Daniel Eddy / Lantern Photographer
Middle school students were put behind the controls of an airplane — and some students said flying wasn’t easy.
“It was hard to remember to keep the nose up instead of down and then I would always mix the controls,” said Sophie Ovellette, a 12-year-old seventh-grader at Ecole Kenwood Middle School. “I thought in was up and out was down but it was OK, I crashed.”
But Ovellette’s flight was just a simulation. About 20 middle school students were at the Ohio State University Airport on Wednesday, located at 2160 W. Case Road, for a guided tour.
Students got the chance to sit in an aircraft cockpit, test a flight simulator and talk to pilots.
During a guided tour, students were able to see the different aspects of operating an airport.
The tour allowed the students like Ovellette to climb in a flight simulator and experience what it is like to fly an aircraft without the worry of injury or death.
Cindy Overly, recruitment and outreach coordinator for OSU’s Center for Aviation Studies, said getting more than a tour is what makes coming to the airport so interesting for the students.
“There is a lot of hands-on activity, they are not sitting at a desk. They’re learning a lot about an important industry in Ohio and in the country and they get experience,” she said. “When you see them sitting behind the flight simulator it’s very cool.”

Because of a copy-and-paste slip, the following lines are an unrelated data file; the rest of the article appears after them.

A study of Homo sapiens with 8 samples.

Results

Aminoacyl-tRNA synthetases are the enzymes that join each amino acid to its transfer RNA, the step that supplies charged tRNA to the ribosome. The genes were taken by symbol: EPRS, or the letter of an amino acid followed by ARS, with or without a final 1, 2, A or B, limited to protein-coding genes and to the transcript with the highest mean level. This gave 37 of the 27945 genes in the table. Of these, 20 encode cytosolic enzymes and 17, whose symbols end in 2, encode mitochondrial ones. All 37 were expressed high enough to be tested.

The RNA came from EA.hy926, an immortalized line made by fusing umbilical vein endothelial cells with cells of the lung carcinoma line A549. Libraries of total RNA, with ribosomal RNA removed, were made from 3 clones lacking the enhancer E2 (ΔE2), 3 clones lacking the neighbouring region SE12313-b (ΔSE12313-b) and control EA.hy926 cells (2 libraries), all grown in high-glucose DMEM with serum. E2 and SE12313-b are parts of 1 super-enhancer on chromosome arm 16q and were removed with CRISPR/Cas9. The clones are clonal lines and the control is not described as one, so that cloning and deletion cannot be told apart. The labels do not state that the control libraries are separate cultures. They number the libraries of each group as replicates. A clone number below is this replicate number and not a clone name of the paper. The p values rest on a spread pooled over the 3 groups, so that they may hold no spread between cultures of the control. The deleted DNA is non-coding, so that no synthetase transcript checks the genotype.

During the simulation, a flight instructor sat next to the student, guiding and giving the student tips on how to fly.
Janet Maragos, a site coordinator for Columbus City Schools, said she wanted to provide students with a new experience they might not have thought about before.
“My job … is to expand their horizons in a different way academically,” she said. “Getting them out of their environment and showing them ‘hey look what’s here.'”
She said the airport received high recommendations from her peers, and she wanted to show the students that aviation consisted of more than just pilots.
Andrew Trick, a fourth-year in aviation management and a tour guide at the airport, has logged in more than 100 hours of flying and said it is always enjoyable to see younger kids become interested in what he is doing.
“A lot of these kids when they come in have never seen a plane up close,” he said. “They have never had an experience like this.”
The middle school students also participated in the Breakfast of Champions, designed to encourage interest in science, technology, engineering and math (STEM) fields, said Miryam Chandler, the outreach coordinator for STEM Initiatives.
Aviation is physics-heavy, and Tricks said he and the other guides try to relate the science behind flying during the tour.